Ofgem’s ‘very limited’ fuel price cap ‘will lead to deaths, ill-health and misery’


The energy regulator’s “discriminatory” plans to impose only a “very limited” cap on fuel prices will “will lead to deaths, ill health and misery” for hundreds of thousands of disabled people, say campaigners.

Fuel Poverty Action (FPA) and Disabled People Against Cuts (DPAC) have written to Ofgem – with backing from another 30 organisations – to call on it to expand its plans for a new “safeguard tariff”.

Under Ofgem’s plans, fuel bills will be capped for those already receiving the current Warm Home Discount (WHD), which offers certain eligible households £140 off their winter 2017-18 fuel bills.

The safeguard tariff should be in place by February 2018 and will help about one million households, with Ofgem hoping it will “provide some short-term relief for vulnerable customers, ahead of government plans for an energy price cap being realised”.

Ofgem says the new safeguard tariff could cut bills by £120 a year for the average user, so saving them more than £250 a year in total.

But FPA and DPAC point out in their letter that the WHD is only available on a “first come, first served” basis and so more than a million of those eligible will miss out – on both the discount and Ofgem’s new price cap scheme.

And some energy suppliers do not even offer the discount, so ruling their customers out of benefiting from both schemes.

Campaigners, including DPAC activists, were at Ofgem’s London headquarters on Tuesday (21 November) to hand over a letter raising their concerns, and calling for the scheme to be expanded to everyone eligible for the WHD, whether or not they receive the discount.

Other disabled people’s organisations and grassroots groups that signed the letter include Inclusion London, Disability Rights UK and WinVisible.

The letter warns: “Disabled people often need more heat, for medical reasons or if they are home a lot, and can suffer much worse effects if they can’t afford to keep warm.

“What’s more, they have been hit the hardest by multiple cuts to incomes and services, leaving them in a poor position to deal with rising fuel prices.”

And they add: “There is a real risk that people who don’t qualify for the cap will even see their fuel prices rise, as suppliers try to recoup the losses caused by a cap on their prices.”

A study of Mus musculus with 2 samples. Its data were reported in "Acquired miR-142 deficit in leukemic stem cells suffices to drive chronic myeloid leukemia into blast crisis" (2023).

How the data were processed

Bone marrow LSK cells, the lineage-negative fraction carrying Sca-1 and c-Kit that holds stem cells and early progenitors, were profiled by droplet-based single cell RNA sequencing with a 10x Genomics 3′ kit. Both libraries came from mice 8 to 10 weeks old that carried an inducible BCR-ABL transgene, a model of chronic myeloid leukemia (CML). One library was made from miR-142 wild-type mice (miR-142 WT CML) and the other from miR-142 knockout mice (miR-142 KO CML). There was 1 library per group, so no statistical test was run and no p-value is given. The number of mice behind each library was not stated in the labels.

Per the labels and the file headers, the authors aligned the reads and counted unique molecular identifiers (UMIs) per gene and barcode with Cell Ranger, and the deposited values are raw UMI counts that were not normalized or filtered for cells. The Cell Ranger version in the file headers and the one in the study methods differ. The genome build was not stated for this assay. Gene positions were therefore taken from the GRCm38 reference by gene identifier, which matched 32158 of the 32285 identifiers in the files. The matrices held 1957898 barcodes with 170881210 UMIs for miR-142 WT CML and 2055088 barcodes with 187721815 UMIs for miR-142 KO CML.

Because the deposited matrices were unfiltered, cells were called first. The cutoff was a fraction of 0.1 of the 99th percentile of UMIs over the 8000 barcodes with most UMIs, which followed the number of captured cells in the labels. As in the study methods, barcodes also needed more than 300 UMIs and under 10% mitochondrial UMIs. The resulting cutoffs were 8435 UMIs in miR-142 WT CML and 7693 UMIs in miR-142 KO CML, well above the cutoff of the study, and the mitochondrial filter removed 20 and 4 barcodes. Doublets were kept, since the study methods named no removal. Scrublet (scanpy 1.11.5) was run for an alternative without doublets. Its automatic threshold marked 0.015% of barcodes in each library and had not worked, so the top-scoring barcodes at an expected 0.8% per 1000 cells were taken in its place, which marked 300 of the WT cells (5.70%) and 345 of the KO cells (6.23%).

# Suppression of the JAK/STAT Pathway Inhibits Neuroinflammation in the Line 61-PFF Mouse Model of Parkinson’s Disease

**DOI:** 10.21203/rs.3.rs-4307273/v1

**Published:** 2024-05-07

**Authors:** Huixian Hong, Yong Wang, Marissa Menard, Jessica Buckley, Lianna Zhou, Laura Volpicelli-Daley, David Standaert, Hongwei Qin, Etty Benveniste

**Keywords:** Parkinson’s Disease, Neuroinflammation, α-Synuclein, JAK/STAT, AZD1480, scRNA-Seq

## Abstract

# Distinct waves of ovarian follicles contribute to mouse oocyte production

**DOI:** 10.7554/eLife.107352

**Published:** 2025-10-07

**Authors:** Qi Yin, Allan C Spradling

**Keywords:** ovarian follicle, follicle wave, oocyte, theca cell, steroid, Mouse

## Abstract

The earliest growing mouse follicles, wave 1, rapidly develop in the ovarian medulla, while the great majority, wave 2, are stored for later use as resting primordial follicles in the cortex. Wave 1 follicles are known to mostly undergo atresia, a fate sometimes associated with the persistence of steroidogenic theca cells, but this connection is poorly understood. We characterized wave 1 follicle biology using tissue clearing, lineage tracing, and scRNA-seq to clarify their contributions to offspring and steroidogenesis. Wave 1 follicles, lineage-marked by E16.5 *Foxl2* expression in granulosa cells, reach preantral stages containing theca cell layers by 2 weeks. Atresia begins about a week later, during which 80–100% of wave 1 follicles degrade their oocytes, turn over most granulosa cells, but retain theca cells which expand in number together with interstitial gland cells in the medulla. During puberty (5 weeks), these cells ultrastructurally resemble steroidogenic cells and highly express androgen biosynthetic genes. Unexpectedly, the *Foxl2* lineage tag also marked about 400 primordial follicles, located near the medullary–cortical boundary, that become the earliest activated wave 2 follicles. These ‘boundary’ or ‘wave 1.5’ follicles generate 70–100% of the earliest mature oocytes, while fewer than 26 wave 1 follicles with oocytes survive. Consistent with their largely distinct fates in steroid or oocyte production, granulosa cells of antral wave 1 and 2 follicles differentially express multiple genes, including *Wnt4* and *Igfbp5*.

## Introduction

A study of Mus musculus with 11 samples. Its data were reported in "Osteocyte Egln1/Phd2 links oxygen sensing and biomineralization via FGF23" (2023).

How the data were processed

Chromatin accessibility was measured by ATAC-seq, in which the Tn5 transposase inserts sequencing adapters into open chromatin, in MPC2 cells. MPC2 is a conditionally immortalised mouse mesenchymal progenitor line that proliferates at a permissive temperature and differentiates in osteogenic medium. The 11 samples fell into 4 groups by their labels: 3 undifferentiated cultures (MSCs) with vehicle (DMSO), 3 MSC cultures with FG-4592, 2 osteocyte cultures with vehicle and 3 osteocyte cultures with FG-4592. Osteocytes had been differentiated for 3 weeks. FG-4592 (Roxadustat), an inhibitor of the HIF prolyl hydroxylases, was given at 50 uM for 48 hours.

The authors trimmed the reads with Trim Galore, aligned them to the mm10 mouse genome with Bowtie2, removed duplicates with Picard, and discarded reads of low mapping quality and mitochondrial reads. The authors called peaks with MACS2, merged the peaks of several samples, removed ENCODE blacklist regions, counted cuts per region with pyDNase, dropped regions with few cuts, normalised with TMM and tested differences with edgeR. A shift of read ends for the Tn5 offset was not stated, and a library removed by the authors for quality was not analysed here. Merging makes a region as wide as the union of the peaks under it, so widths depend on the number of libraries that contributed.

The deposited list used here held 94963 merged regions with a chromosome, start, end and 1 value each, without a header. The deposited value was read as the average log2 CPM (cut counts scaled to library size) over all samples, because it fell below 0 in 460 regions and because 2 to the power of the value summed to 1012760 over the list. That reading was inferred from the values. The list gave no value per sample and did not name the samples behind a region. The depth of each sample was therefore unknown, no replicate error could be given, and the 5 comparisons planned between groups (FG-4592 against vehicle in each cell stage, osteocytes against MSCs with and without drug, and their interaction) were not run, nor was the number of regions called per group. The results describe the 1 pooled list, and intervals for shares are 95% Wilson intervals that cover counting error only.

They dismiss Ofgem’s insistence that the exclusions from the safeguard tariff are necessary in order to bring in the cap quickly, and say it could easily be extended before next winter.

They say: “Energy prices are too high for everyone now, and thousands of people in all sorts of situations are dying from cold every year.

“As the body responsible for customer protection, Ofgem should be acting on this now.”

In an earlier response to a consultation on Ofgem’s plans, FPA warned that disabled people set to miss out on the cap would “suffer the most pain, injury and illness (both mental and physical), and potentially even death, if they cannot afford the heat they need”, which FPA said was “shocking and unacceptable”.

Eventually, FPA wants to see the cap introduced for all energy customers, and not just those on low incomes.

An Ofgem spokesman said: “Protecting customers in vulnerable circumstances is a priority for Ofgem.

“In order to extend our prepayment safeguard tariff to vulnerable consumers as quickly as possible, we decided that consumers in receipt of the Warm Home Discount should initially be eligible.

“It would not be possible for suppliers to obtain more data to identify additional consumers who are potentially eligible for Warm Home Discount but who are not receiving the benefit, in a consistent and robust way in time for the initial extension in February.

“We recognise that the Warm Home Discount scheme does not target all the customers we would like to protect.

“However, a vulnerable customer safeguard tariff for these consumers will still provide protection for people who are already targeted as fuel-poor.

“We believe that protecting a smaller group sooner is better than waiting until we can protect a larger group.

“We are moving quickly to explore whether to extend the safeguard tariff to around another two million vulnerable customers who are not in receipt of the Warm Home Discount next winter and will be asking for views next month on the best way to identify them.”